Blog #InnovationMonth – Afternoons with Edna

10 May 2024

In the lead up to International Nurses Day, this unique blog piece, written by Diana De, showcases an international example of global public health improvement. Diana De is a former Council of Deans Fellow and a Reader at Cardiff University. Diana organised this activity as part of a large cross-field undergraduate Global Health in Nursing module which she leads in the School of Healthcare Sciences.

This was the second time a live link-up had been arranged with Cardiff University’s Honorary Fellow, midwife, and hospital director Dr. Edna Adan Ismail. The first time, when calling from Somaliland, this ‘Woman of Firsts’ (the title of her biography) awed student nurses studying their global health module, student midwives and student health visitors with her tales of gaining inspiration from a stubborn goat to eventually building a hospital in memory of her beloved father. The second time, Edna (a global speaker) joined us at 5.30AM from her hotel room in Baltimore. At the ripe old age of 86, she looked immaculate, fresh, and addressed us as an audience with tonnes of enthusiasm.  She could quite easily have requested to rearrange our schedule, and this would have been totally understood, but this passionate teacher maintained her commitment to speak to our future frontline practitioners. By the way, the reason Edna was in the USA was to receive the prestigious Templeton Prize, received for her outstanding contributions towards scientific and spiritual curiosity. This award had only once previously been bestowed on another awesome female who readers may have heard of. This was…the charitable Saint who is better known as the great Mother Teresa!

Edna started her talk with providing some historical context around Somaliland gaining its independence in 1991. As a result, the country was left with only 18 nurses, midwives and 13 medical doctors to treat a country larger than the size of the UK. After training as a nurse and midwife in the UK, Edna dedicated her life to health improvement. After finishing her long career, Edna knew that she wanted to go back to Somaliland, help shape the future of health services in her home country and provide equitable and compassionate care for those unable to afford private healthcare. When she returned to her home country in 1997, she was given a small stretch of land (on a former rubbish tip) to build her hospital upon. Edna talked about selling all her worldly possessions and gifts received from when she was the former president’s wife to help fund her cause. It was sometime later and only through her sheer grit and determination that the foundations were laid, and Edna’s hospital was erected. Edna trained the very first cohort of 42 Somaliland nurses, and since then, she has gone on to train well over 1000 nurses, lab technicians, pharmacists, and midwives. Through her pioneering work with the World Health Organisation to improve the quality of public health services and educating future healthcare workers, Edna is the perfect role model to inspire and influence the next generation. She is the ultimate exemplar of global leadership helping to shape the future of healthcare and set new standards of care in several hospitals across Somaliland.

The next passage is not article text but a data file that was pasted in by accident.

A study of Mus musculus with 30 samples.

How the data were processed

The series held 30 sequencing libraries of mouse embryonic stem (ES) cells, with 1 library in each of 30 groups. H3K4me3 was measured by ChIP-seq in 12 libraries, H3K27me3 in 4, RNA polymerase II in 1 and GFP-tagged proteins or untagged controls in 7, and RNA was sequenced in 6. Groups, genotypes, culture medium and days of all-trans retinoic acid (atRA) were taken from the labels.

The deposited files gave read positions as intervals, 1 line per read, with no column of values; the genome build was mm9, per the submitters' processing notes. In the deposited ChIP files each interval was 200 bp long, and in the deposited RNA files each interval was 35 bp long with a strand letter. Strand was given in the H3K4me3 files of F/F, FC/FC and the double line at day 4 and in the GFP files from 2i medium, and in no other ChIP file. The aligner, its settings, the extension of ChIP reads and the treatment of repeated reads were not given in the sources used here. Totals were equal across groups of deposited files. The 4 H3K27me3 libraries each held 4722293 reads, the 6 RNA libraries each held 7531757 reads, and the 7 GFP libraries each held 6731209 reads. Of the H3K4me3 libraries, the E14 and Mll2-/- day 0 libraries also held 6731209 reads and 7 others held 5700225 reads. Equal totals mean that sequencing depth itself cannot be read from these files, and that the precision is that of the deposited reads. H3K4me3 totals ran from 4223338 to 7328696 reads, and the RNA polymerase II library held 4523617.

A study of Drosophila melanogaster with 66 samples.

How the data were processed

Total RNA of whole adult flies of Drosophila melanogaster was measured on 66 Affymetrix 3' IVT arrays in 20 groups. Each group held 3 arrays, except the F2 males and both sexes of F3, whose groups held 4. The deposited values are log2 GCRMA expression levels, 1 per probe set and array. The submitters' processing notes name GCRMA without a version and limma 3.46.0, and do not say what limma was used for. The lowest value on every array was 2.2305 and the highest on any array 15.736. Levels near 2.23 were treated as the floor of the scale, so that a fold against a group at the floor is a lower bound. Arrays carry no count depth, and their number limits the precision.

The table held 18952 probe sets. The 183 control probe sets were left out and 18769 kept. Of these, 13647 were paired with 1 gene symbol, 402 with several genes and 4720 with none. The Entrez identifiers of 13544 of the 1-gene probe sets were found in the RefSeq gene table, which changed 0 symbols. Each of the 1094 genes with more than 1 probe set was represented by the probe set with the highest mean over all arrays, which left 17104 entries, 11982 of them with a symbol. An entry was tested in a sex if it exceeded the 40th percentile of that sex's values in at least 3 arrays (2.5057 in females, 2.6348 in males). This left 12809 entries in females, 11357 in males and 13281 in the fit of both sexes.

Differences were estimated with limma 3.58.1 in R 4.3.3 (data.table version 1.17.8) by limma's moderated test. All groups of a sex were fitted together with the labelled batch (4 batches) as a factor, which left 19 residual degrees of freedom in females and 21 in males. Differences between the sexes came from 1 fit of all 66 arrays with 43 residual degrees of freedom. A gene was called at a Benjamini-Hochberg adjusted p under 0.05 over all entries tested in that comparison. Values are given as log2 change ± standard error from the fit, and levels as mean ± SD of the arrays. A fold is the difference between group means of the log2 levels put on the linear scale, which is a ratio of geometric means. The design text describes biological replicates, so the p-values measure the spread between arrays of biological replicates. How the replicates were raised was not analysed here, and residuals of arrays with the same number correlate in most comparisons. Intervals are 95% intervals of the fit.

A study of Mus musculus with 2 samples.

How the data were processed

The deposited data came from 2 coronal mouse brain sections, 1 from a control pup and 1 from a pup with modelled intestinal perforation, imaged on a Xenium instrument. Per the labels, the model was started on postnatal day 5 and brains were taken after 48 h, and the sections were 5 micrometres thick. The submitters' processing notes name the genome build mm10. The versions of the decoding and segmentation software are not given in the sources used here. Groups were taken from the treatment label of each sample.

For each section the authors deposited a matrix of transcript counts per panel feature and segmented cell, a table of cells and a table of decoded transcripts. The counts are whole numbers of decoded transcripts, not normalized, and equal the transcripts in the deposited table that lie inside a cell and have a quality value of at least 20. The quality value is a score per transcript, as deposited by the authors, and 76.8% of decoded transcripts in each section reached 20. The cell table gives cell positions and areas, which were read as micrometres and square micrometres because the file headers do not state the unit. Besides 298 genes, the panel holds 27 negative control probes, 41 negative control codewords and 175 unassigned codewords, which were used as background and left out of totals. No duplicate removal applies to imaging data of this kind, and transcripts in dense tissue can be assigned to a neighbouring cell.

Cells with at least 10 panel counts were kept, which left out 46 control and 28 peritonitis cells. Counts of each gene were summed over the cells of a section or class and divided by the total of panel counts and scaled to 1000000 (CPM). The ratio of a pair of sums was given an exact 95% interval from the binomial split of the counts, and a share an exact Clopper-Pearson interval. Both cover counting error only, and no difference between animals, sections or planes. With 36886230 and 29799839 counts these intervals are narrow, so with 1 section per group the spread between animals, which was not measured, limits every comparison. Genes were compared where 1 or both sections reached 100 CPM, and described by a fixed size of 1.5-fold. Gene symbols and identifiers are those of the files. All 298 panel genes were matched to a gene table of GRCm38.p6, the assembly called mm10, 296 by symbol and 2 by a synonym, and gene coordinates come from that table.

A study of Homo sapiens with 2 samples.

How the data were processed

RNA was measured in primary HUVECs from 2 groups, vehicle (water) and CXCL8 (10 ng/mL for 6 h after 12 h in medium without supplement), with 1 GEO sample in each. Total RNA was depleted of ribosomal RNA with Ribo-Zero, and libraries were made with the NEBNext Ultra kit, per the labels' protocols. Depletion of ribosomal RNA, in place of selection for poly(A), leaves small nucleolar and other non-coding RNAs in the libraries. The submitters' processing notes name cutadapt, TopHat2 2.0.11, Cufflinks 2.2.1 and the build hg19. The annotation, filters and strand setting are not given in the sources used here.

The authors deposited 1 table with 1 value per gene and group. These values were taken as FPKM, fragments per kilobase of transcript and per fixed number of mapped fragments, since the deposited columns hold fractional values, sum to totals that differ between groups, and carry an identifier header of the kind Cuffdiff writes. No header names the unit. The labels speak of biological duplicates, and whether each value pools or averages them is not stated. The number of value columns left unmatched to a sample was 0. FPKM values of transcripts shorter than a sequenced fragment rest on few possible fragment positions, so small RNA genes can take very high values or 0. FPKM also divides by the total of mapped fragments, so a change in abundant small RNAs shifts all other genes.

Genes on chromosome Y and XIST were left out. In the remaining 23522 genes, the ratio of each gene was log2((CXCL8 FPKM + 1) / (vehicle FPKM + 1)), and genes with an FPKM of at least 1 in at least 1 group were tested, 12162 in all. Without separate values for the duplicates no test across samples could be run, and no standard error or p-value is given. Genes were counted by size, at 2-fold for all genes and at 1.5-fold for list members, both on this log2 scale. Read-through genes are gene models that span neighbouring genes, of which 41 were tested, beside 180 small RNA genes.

‘This was such an interesting lecture which I have really enjoyed and found really engaging.’

– Adult Student Nurse 2023

It was an absolute pleasure to welcome Dr. Edna to our campus virtually, and we hope that someday in the future, we will have the added privilege to have Edna visit us and address our staff and students in person. In the meantime, it’s important to take time to reflect on how we can learn from Edna’s powerful stories. If members would like to read more about Edna’s incredible journey, her book is titled ‘A Woman of Firsts.’